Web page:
No Comfort for York’s LGBT

by Joseph Jaafari

Gay students and advocates try and make York College a safe haven, but with resistance


Forty-five years ago, a group of sissy boys and men in dresses fought back against powers much stronger than them. Barricading themselves in a little bar in the East Village off Christopher Street, the Stonewall Inn riots became ground zero for the modern gay-rights movement.
      For the members of York’s Straight and Gay Alliance (SaGA), Stonewall is far-removed by four generations, but the same feelings of frustrations and craving acceptance is still there.  In this small group, that craving is satiated – but only within those walls, some feel.
      “There are people in this school, unfortunately, who aren’t very tolerant or not tolerant at all,” said SaGA member Amy McLeod. “It’s really hard to find somewhere that you can just sit and relate.”
      And she’s right.
      Faculty advisor and Professor Timothy Corkery of the Fine Arts department was shocked at the amount of students on York’s campus seeking anonymity, fearing what their other classmates would say or do to them.
      “It’s hard to hear students walking into my office and say ‘I can’t tell you who I am, I can’t even come to SaGA yet’,” said Corkery.
      “This is supposed to be a safe place,” said SaGA President Rosalind Casillas. ”We’re here to talk. We’re here to listen.”
      During a recent meeting in their club room in the Academic Core building 1C02, the students sat around eating pizza and talking about the importance of SaGA’s presence for gay students on campus, the group was avoiding the most important question: how can a group of gay men and women ever be safe in South Jamaica, where being gay is not something most are willing to broadcast? And how can they be treated equally in a school whose students come from religious and ethnic backgrounds which are traditionally considered intolerant toward the Lesbian Gay Bisexual Transgender (LGBT) community?
      Most of the students in SaGA are hesitant to speak about their experiences on campus, including former President of SaGA and now Student Senator Leanord Angelo San Miguel.
      San Miguel recounted his freshman year at York College, when a math professor, notorious for his tough grading, muttered the word “faggot” in class. San       Miguel said he never came forward because he didn’t want to risk his grade.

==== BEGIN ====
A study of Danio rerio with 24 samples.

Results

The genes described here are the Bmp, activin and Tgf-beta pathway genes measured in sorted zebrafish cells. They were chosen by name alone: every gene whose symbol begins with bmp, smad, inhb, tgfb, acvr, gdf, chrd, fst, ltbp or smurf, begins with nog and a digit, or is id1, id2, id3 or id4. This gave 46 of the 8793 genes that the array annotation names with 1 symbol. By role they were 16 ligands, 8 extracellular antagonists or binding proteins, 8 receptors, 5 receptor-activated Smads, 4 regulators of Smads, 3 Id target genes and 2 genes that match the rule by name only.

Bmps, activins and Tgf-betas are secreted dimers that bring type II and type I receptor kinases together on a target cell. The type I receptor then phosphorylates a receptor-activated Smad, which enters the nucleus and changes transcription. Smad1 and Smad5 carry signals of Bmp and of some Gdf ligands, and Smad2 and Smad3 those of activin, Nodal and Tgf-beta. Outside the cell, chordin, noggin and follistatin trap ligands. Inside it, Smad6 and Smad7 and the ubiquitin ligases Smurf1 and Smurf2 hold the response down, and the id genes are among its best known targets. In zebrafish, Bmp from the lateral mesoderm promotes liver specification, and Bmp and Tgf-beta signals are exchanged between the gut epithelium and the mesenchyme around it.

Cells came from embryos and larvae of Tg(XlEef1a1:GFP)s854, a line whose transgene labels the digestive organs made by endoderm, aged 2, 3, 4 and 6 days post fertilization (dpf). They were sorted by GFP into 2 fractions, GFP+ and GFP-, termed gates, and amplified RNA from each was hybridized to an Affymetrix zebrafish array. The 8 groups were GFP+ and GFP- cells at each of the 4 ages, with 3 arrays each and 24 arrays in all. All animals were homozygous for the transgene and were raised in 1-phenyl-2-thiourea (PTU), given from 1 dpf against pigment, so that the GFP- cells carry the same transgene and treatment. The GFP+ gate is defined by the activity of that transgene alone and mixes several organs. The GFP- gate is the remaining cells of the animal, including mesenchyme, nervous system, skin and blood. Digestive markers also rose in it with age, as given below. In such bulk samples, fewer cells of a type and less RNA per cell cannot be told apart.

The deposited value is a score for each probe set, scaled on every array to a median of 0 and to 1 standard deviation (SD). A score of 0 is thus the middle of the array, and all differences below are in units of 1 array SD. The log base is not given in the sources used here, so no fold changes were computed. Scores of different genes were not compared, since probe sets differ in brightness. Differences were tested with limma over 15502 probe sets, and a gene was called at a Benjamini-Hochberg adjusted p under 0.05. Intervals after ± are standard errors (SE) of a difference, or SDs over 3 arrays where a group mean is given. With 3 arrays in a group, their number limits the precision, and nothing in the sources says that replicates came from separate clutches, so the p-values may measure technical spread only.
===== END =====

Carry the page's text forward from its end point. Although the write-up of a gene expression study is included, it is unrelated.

When Jason Collins came out last year as the first openly gay pro-basketball player, a student last semester overheard a large group in the cafeteria use the word “fag” to describe beating up a guy in a locker room “checking them out,” he said.
      “It’s so hard to hear that word,” said Vice President Madelyn Guerva. Students openly acknowledged the comparison to calling a person of color a “nigger” to calling a homosexual a “faggot.”
      “It absolutely is the same thing,” said Professor Scott Scheidlower, another faculty advisor for the club. To illustrate his point, Scheidlower related a story about a student who used to dress flamboyantly before he was walking from class down 160th Street when someone threatened him saying, “I’m going to kill you, faggot!”
      “He butches it up now,” said Sheidlower. And the group is obviously distraught by that. Many of them nodded solemnly, each of them looking back into what they’ve individually experienced on campus.
      “People always say ‘when did you choose to be gay?’” said Casillas.
      Sheidlower jumped in, “You know how to respond back to that? You ask them when they chose to be straight.”
      SaGA most recently put on a dance in the Physical Education building with a number of students and staff in attendance.
      “I was honestly surprised at the amount of people who came,” said Corkery. “And it was a lot of people’s first times going as being openly gay or bisexual or transgender.”
      York College is the last senior college of CUNY that put in place a SaGA. Medgar Evars once had a SaGA but has since not continued the club, according to Corkery. SaGA members are currently working on marching in the Queens Gay Pride march along with the Manhattan Gay Pride March independently from the CUNY groups. Both marches take place in June.